Francis Thompson King


King, a member of the first board of trustees for The Johns Hopkins University and The Johns Hopkins Hospital, was born in Baltimore. King studied for two years at St. Mary’s College in Baltimore. When the Society of Friends opened Haverford College in 1833, he was one of twenty-one boys in its first class; he graduated in 1835.

A member of a Quaker family prominent in business and philanthropy in Baltimore, King first worked for Janney, Hopkins and Hull, the firm owned by Johns Hopkins, then joined a hardware importing house called Plummer & King. He left after three years, and he eventually formed a prosperous partnership with his cousin James Carey.

King was committed to the Quakers’ principle of charitable and educational work and served as clerk of the Baltimore Yearly Meeting for many years. In 1867, King was selected by Johns Hopkins as one of the first trustees for the university and hospital that Mr. Hopkins had incorporated. When Johns Hopkins died in 1873, King served as an executor of his estate.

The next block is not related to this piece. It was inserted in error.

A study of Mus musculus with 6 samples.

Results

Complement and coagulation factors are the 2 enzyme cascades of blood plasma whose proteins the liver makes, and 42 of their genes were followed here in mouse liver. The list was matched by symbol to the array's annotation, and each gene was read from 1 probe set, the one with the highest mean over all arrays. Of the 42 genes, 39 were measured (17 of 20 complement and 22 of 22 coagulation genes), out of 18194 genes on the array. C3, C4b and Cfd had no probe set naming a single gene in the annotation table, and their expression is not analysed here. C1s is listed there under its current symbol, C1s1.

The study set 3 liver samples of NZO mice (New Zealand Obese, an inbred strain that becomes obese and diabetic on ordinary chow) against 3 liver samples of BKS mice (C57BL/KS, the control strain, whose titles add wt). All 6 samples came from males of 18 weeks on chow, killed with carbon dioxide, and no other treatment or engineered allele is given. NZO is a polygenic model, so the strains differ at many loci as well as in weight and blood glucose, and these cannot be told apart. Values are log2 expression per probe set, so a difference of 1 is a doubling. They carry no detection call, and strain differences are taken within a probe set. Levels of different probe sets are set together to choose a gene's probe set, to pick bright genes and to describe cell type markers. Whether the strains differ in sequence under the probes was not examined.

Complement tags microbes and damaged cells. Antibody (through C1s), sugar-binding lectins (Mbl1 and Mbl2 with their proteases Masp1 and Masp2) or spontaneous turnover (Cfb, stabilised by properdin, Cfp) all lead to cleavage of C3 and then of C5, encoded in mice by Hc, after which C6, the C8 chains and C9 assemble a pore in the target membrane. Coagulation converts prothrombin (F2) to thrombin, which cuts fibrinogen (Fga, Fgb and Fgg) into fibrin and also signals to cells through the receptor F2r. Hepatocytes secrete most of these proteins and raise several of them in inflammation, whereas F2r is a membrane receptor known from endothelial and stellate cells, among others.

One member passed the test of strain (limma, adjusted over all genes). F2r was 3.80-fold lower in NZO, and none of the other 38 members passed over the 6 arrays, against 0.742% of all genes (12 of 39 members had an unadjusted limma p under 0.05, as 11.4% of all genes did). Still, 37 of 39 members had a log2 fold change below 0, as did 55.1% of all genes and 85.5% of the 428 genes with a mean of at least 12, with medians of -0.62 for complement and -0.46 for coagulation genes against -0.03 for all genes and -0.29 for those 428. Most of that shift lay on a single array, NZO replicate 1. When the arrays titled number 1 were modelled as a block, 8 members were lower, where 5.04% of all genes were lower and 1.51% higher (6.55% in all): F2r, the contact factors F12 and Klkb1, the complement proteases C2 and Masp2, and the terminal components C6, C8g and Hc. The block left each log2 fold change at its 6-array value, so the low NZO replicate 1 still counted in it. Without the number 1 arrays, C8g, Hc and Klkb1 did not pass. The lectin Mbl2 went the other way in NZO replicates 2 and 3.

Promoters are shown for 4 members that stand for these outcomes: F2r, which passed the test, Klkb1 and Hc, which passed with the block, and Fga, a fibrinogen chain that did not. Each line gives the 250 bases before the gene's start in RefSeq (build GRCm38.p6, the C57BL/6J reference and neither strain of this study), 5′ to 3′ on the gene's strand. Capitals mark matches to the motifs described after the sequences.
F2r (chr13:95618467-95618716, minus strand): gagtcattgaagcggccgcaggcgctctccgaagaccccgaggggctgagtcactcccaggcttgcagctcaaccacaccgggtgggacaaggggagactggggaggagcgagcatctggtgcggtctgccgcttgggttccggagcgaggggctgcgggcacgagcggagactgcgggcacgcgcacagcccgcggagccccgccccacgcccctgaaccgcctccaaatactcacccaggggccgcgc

In the spring of 1881, King traveled to Europe in search of learned men to serve as the university’s first faculty.  He also toured the English women’s colleges since he was simultaneously serving as chairman of the trustees who were planning Bryn Mawr College. While in England, King consulted with Florence Nightingale regarding the education of nurses.

King was the representative of the board of trustees who oversaw the design and construction The Johns Hopkins Hospital, which opened in 1889.